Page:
The Story of Kumano -
The Story of "Ippen Shonin"
(A founder of Jishu sect of Buddhism)

The Murakami Navy
Ippen Shonin was born into the family of the powerful Kouno Suigun (navy) in Iyo (Ehime Prefecture). He lost his mother and subsequently became a monk at the age of 10, following his father's orders. Ippen Shonin's family name was Ochi. He was born in 1239, the son of Shichiro Michihiro, and grandson of Kouno Shiro Michinobu. He headed for Dazaifu for his training at the age of 15. This photo shows the time when he is just leaving his home with a monk called Zennyu. The people seeing him off are his father and other members of his family.
Ippen Shonin, after finishing his sermons at Tennoji, followed the Kumano Kaido High Road to the south and climbed Mt. Koya to visit the mausoleum of Kobo Daishi. After climbing up through a forest of stupas you will find an opening where the mausoleum of Kobo Daishi can be found. The photo shows Ippen Shonin praying there.
After visiting Mt. Koya, Ippen Shonin went farther down south towards Kumano. In the mountains of Kumano on the Nakaheji Route, he encountered Kumano Gongen in the disguise of a monk. Without knowing that he was Kumano Gongen, Ippen Shonin chanted Nenbutsu faithfully and tried to give a talisman to this old monk. But the old monk refused to receive it saying he could not feel the depth of Ippen Shonin's faith.
Ippen Shonin, after the talisman of his faith was refused, then visited Kumano Hongu Grand Shrine with a very troubled mind. There he received a revelation from the Kumano Gongen. As Ippen Shonin was praying in front of 'Shojoden', the main building on the right, the Kumano Gongen appeared saying, 'Salvation of all human beings resides in believing in Amidabutsu. You should give over your talisman regardless of how faithful or faithless, pure or impure are the people you meet.' When he came to himself he found himself surrounded by children who all wanted his talisman.
Ippen Shonin, the founder of the Jishu sect is believed to have encountered the Kumano Gongen at Kumano Hongu Shrine and thereby became enlightened. This shows the close relation of Kumano Gongen of Shinto and Amidanyorai of Buddhism in the 'Era of Buddhist/Shinto Unification'. Given this close relationship it was natural for a Buddhist monk to become enlightened in Kumano. The stone monument for Ippen Shonin is not the only one honouring a Buddhist in Kumano. Due to the hand of Tokuhon Shonin, an 18th century monk of the Jodo sect of Buddhism, other Buddhist monuments remain in various parts of Kumano.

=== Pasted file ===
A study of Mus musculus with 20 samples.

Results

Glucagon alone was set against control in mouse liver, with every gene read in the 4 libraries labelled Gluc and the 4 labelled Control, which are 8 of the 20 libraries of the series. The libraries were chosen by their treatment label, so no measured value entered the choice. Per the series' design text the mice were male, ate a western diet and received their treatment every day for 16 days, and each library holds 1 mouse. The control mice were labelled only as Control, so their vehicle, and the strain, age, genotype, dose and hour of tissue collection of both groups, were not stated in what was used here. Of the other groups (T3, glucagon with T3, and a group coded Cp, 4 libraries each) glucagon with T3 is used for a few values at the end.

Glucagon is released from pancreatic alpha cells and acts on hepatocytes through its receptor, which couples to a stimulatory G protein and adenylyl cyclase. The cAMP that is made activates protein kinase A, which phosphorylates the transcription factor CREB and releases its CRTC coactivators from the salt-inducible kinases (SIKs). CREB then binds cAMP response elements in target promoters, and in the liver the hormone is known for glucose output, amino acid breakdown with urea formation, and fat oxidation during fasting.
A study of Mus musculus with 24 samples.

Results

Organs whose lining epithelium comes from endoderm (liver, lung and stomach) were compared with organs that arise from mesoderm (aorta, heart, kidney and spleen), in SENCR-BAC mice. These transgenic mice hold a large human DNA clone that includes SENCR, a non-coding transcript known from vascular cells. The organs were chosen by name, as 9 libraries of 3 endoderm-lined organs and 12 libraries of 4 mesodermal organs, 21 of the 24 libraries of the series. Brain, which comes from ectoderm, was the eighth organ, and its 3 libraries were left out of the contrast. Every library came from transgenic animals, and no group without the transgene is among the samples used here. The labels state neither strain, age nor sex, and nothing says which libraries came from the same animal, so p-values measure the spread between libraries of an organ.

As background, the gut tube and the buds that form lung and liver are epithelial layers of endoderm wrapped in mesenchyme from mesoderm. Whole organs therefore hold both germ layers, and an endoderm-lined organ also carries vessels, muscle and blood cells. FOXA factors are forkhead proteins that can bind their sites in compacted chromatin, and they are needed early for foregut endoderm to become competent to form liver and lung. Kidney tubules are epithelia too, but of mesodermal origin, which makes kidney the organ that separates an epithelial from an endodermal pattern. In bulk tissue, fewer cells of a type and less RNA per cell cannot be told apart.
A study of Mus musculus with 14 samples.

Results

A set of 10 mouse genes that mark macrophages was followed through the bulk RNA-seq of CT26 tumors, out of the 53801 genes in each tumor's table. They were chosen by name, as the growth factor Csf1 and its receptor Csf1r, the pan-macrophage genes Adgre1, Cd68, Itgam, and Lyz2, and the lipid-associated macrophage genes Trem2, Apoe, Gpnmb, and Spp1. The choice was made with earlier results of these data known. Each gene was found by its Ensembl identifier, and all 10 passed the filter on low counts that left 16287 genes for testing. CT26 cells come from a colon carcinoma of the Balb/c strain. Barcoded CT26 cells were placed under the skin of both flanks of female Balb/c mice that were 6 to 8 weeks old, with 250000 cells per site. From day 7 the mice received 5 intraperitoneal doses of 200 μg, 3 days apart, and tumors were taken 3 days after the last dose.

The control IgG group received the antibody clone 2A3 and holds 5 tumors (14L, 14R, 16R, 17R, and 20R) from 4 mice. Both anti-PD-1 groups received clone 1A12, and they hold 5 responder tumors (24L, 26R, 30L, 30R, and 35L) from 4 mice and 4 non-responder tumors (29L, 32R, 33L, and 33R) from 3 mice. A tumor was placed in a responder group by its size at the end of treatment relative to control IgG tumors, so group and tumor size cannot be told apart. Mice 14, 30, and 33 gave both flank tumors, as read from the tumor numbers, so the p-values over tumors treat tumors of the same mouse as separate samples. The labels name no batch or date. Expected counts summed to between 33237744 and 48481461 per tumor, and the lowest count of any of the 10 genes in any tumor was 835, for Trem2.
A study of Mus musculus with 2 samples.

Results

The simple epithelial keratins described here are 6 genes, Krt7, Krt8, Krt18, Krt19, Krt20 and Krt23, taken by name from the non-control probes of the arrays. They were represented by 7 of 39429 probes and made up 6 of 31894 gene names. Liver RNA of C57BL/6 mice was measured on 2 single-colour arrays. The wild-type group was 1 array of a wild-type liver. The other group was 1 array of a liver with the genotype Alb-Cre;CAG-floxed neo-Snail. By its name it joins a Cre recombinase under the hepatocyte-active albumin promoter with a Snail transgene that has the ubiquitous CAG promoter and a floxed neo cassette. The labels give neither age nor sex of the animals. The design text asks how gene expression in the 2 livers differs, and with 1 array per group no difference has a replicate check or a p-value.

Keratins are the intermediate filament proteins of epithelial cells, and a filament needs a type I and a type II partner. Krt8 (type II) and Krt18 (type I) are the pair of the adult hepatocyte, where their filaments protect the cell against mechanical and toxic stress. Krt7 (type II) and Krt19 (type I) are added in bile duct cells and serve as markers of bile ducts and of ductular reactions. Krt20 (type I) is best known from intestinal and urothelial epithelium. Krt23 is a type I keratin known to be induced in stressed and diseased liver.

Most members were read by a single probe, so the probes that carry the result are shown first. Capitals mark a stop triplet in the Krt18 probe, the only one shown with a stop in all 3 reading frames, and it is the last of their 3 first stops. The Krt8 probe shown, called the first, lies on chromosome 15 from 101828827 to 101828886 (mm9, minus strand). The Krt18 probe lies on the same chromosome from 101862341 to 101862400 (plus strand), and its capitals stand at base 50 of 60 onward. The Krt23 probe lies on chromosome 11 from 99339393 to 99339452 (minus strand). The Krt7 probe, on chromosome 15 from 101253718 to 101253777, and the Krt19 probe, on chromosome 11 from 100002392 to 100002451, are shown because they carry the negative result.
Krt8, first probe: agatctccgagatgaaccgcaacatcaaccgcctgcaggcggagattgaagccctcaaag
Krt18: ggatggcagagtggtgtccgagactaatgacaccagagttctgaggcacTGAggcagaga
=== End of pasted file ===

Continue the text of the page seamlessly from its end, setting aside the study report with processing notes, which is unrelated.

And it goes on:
The photo here shows Ippen Shonin and his party going down the rapids of Kumano River in a river boat from Kumano Hongu Grand Shrine. Ippen went down the rapids with confidence in his Nenbutsu after receiving his revelation from the Kumano Gongen. Today, Kumano River is gentle and tame due to a newly built dam upstream, but it used to be a rapid river with a much greater volume of water flowing out to sea. Ippen Shonin and his party boarded a boat after visiting Hongu and went down the river like an arrow navigating many sharp bends and following the river past steep cliffs and over rushing rapids. The river becomes gentler as it comes closer to the river mouth making it easier to disembark at Shingu.
Ippen Shonin, after arriving in Shingu, went to the Kumano Hayatama Grand Shrine and prayed to the Kumano Gongen. You can walk from the river bank of Kumano River through the main gate to Kumano Hayatama Grand Shrine. There is also a South Gate in the middle. To its left is a large shrine building where people can pray. Ippen Shonin also prayed there. To the west of the main building there are Kekku, Hayatamakyu, Shoseiden, Wakamiya, Chushisha, and Shimoshisha.
If you follow the coast from Shingu and to Nachi and then up Nachi River toward the mountains, you will come to the Kumano Nachi Grand Shrine with the famous Nachi Falls as a backdrop. It is said that people could see into the nature of God by standing near this waterfall.

There they would pray for Kannon when they looked up at the Nachi Falls falling down straight out of the sky and from between the mountains. The photo shows Nachi Falls as deified in the Hiryu Shrine and Ippen Shonin visiting Kumano Nachi Grand Shrine. Going up Daimonzaka through the gate will bring you to Jinguji Temple, now called Seigantoji Temple. Ippen Shonin is shown chanting with his heart and soul in front of Kechigu next to the temple. After visiting Kumano, he formed the religious order of Jishu and spread the Nenbutsu among the people.